Two Honduran Citizens Indicted For False Statements, Identity Theft, And Conspiracy To Defraud The Internal Revenue Service Of Payroll Taxes
Jacksonville, Florida – A federal grand jury has returned a superseding indictment charging Fanny Melina Zelaya-Mendez (39, Jacksonville) with making false statements to a federal agent, aggravated identity theft, and three counts of conspiracy to defraud the Internal Revenue Service (IRS) of federal payroll taxes, specifically, Social Security tax, Medicare tax, and income tax. Roger Omar Zelaya-Mendez (34, Jacksonville) has been charged with one count of conspiracy to defraud the IRS. These charges are in addition to previously filed charges. Specifically, on May 2, 2018, Fanny Melina Zelaya-Mendez was charged with three counts of conspiracy to commit wire fraud and Roger Omar Zelaya-Mendez was charged with one count of conspiracy to commit wire fraud and one count of illegally re-entering the United States after a prior deportation. The newly-filed false statements and tax fraud charges each carry a maximum penalty of five years in federal prison, and the aggravated identity theft charge carries a mandatory prison sentence of two years that must be served consecutively to any other sentence. Fanny Melina and Roger Omar Zelaya-Mendez are Honduran citizens who are illegally present in the United States.
The indictment also notifies the defendants that the United States intends to seek forfeiture of $1,033,485, the approximate amount of proceeds obtained as a result of the wire fraud offenses, and an additional $399,575 of seized funds, and two seized vehicles – a 2014 Dodge Ram pick-up and a 2012 GMC Yukon Denali.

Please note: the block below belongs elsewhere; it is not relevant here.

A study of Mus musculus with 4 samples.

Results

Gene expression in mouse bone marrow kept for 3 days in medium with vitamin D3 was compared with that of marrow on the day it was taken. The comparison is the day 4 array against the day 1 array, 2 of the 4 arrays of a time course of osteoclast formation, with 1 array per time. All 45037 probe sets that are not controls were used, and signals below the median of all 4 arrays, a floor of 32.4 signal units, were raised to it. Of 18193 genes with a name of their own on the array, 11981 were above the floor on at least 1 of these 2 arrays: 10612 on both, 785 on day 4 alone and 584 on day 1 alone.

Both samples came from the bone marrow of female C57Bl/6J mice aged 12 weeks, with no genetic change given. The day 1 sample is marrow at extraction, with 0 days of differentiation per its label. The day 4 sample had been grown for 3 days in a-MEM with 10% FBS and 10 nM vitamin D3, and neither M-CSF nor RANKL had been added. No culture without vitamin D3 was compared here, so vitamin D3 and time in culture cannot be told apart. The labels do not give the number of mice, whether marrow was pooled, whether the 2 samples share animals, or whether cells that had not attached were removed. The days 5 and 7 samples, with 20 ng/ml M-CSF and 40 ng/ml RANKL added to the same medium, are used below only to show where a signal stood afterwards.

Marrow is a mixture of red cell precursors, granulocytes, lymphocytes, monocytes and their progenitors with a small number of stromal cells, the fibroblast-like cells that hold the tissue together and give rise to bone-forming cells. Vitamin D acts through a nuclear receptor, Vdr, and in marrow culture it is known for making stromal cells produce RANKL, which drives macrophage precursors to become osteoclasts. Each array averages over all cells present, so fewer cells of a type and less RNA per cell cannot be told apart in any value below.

The indictment alleges a fraudulent scheme in which construction contractors entered into agreements with shell companies, established by Fanny Melina and Roger Omar Zelaya-Mendez, that arranged for work crews, mostly made up of undocumented aliens, to work on the contractors’ projects. The contractors wrote payroll checks to the shell companies for the work performed by the workers. Fanny Melina and Roger Omar Zelaya-Mendez then cashed the checks, kept 4% as a fee, and distributed the remaining cash to work crew leaders, who then paid the workers. By obtaining and paying the workers through the shell companies, the contractors could disclaim responsibility for ensuring that the workers were legally authorized to work in the United States, that adequate workers’ compensation insurance was provided, and that required payroll taxes were paid.
During the period of the scheme, a total of approximately $25,837,141 of payroll funds passed through the shell companies. Neither the defendants nor the contractors remitted payroll taxes to the IRS. According to the IRS, the estimated amount of payroll taxes due on the total wages is approximately $6.5 million.
When Fanny Melina Zelaya-Mendez was arrested on May 4, 2018, she gave a false name to an immigration officer and claimed to be a U.S. citizen who had been born in Puerto Rico. She also presented a valid Florida Identification Card which she had obtained in the false name. Subsequent investigation revealed that the identity that she had adopted was for a real U.S. citizen who was born in Puerto Rico and that Fanny Melina Zelaya-Mendez had obtained the Florida ID card using a genuine Puerto Rico birth certificate and a genuine Social Security card.
An indictment is merely a formal charge that a defendant has committed a violation of the federal criminal laws, and every defendant is presumed innocent unless, and until, proven guilty.
This case was investigated by U.S. Immigration and Customs Enforcement’s Homeland Security Investigations and the Internal Revenue Service – Criminal Investigation. It will be prosecuted by Assistant United States Attorney Arnold B. Corsmeier.